Nonprofit tech industry association CompTIA has announced that it is creating a new blockchain-specific technology industry group in order to help those interested in business-use-cases for the technology.
CompTIA has a number of technology interest groups and the CompTIA Blockchain TIG will attempt to foster a larger community of people and organizations interested in blockchain technology and solutions.
The organization originally revealed it would be creating the technology industry group during the Communities & Councils Forum Online event this week. The Computing Technology Industry Association (CompTIA) is a group striving to represent the voices of the thousands of people working in the information technology field globally.
SEE: What is blockchain? Understanding the technology and the revolution (free PDF) (TechRepublic Premium)
“With growing interest in the deployment of blockchain technology in business applications, the time is right for us to expand our offerings related to this emerging technology,” said Nancy Hammervik, executive vice president of industry relations and CEO of the CompTIA Tech Careers Academy.
Members of the group will gain access to resources and forums where the community will be able to promote different use cases, share ideas, hold in-depth discussions and make connections to network with peers.
CompTIA already has the Blockchain Advisory Council and the technology industry group will build on the organization’s expertise in the space. The council is currently made up of industry leaders and innovators while also finding ways for “technology companies and their customers can leverage blockchain technology in their businesses,” according to a statement from the organization.
“The Blockchain Technology Interest Group is designed for the curious and the experienced to share ideas and discussions related to blockchain technology,” said Kathleen Martin, senior manager for CompTIA’s member communities and technology interest groups.
“With the support of CompTIA’s Blockchain Advisory Council we can tap the expertise of top blockchain experts to provide guidance about the real-world applications and understandings of this emerging technology.”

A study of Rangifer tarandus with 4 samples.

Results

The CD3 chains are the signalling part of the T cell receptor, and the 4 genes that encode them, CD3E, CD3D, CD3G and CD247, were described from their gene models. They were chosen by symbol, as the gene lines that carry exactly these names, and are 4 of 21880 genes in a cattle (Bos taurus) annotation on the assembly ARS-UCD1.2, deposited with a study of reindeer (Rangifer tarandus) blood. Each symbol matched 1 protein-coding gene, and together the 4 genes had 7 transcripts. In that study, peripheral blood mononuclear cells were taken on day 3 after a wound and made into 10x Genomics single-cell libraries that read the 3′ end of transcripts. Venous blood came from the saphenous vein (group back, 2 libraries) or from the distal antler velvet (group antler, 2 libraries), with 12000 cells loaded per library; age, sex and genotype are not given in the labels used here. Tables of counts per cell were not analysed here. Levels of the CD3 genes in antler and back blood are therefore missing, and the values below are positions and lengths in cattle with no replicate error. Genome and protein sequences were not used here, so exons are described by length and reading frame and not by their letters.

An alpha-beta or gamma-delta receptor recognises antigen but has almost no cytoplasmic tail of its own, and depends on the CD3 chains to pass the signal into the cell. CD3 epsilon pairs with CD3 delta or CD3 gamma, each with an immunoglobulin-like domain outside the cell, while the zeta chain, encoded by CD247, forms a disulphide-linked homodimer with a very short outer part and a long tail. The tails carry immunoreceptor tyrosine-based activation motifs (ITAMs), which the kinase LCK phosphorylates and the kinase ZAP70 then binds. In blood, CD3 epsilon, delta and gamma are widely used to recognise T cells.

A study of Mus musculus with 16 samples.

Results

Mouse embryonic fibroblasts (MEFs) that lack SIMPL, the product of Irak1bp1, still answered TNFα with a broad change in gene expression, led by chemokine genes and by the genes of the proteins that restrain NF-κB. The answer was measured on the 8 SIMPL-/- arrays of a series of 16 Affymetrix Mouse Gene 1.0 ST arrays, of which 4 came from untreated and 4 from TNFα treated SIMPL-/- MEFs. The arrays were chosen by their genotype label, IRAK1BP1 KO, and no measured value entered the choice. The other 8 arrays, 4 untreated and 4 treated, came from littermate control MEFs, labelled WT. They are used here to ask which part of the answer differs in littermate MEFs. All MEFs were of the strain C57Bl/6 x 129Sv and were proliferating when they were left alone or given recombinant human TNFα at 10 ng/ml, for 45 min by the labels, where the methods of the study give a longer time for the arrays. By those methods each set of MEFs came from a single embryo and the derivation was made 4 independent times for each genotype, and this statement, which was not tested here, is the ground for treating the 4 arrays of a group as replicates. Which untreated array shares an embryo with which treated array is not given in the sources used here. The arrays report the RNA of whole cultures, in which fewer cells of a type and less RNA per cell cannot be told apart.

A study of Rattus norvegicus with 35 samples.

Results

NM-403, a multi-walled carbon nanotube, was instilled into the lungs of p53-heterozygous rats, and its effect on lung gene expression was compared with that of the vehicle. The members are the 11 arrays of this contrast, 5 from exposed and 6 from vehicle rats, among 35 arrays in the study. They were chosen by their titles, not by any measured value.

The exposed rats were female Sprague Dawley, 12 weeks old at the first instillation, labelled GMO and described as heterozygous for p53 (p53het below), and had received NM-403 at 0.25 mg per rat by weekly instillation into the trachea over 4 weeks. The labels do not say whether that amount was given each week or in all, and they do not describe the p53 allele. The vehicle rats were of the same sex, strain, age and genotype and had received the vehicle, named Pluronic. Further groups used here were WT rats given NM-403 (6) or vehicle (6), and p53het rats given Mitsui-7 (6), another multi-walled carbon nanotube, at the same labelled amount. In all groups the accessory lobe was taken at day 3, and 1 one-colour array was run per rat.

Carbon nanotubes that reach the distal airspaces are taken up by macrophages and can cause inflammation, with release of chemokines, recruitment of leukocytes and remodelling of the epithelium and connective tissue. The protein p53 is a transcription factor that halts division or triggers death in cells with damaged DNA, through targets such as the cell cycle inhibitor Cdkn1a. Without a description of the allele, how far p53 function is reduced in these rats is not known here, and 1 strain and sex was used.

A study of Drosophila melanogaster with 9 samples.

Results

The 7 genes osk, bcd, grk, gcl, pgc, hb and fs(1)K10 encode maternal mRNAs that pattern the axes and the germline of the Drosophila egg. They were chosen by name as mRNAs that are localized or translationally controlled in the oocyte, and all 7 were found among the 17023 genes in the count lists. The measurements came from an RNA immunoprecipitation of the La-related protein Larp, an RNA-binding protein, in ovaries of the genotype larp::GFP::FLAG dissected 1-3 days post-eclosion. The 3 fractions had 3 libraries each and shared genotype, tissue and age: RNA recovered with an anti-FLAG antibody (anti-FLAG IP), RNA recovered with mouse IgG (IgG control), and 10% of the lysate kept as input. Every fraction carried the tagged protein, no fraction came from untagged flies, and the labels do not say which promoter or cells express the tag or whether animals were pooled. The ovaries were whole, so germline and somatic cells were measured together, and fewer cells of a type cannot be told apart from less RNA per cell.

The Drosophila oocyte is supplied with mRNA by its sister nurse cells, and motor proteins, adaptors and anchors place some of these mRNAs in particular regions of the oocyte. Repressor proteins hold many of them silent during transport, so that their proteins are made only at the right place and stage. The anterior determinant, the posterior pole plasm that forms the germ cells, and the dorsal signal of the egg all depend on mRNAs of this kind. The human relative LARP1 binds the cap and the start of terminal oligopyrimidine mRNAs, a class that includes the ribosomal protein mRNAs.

The Blockchain Advisory Council has already put together guides and articles for those interested in blockchain technology.
The Blockchain Technology Interest Group will be the fourth technology industry group CompTIA has created, with the others involving Advancing Women in Technology, Artificial Intelligence and Drones.
Membership in all of the groups is free.
Experts like Garret Grajek, CEO of YouAttest, said the infusion of blockchain into mainstream technology is at its infancy, even as the use of blockchain as a non-denominational currency is becoming well-established.
But more enterprises are seeing the value of distributed file system validated by the blockchain, he added.
“There is a whole other world that we are exploring – that is using the blockchain for attestation. By its very nature, blockchain stores records that are cryptographically signed in its immutable ledger,” Grajek said.
“There seems to be solid grounds for research and products for attestation of authentication, authorization, data access and other security events – and the need for a TIG. This is an important area where we see blockchain intersecting with its own products and mainstream IT.”
K2 Cyber Security vice president Timothy Chiu said technology industry groups help bring enthusiasts with the same interests together, which is always beneficial to the technology.
“Besides expanding the members’ knowledge about the technology, these groups provide a sounding board for new ideas and improvements, and offer a vehicle to recruit more interest in the technology. Also, when members share how they use the technology, it often sparks ideas amongst other members for similar use cases in other industries/technologies,” Chiu said.
The groups will also have benefits for retail cryptocurrency investors eager to learn more about the technology backing their investments.
Jeff Steuart, a retired IT manager and active crypto investor, explained that the technology itself is still fairly opaque to a vast majority of investors but that more people are starting to discover applications of blockchain technology.
“Non-technical actionable information, as opposed to media hype of crypto currencies and blockchain in general, will be highly valued by investors in the sector,” Steuart told TechRepublic.
“While providing a general forum for emerging blockchain developers and application discussions, resources such as CompTIA’s ‘Blockchain Technology Interest Group’ are also positioned to also attract and hold the interest of the retail investor class of blockchain actors.”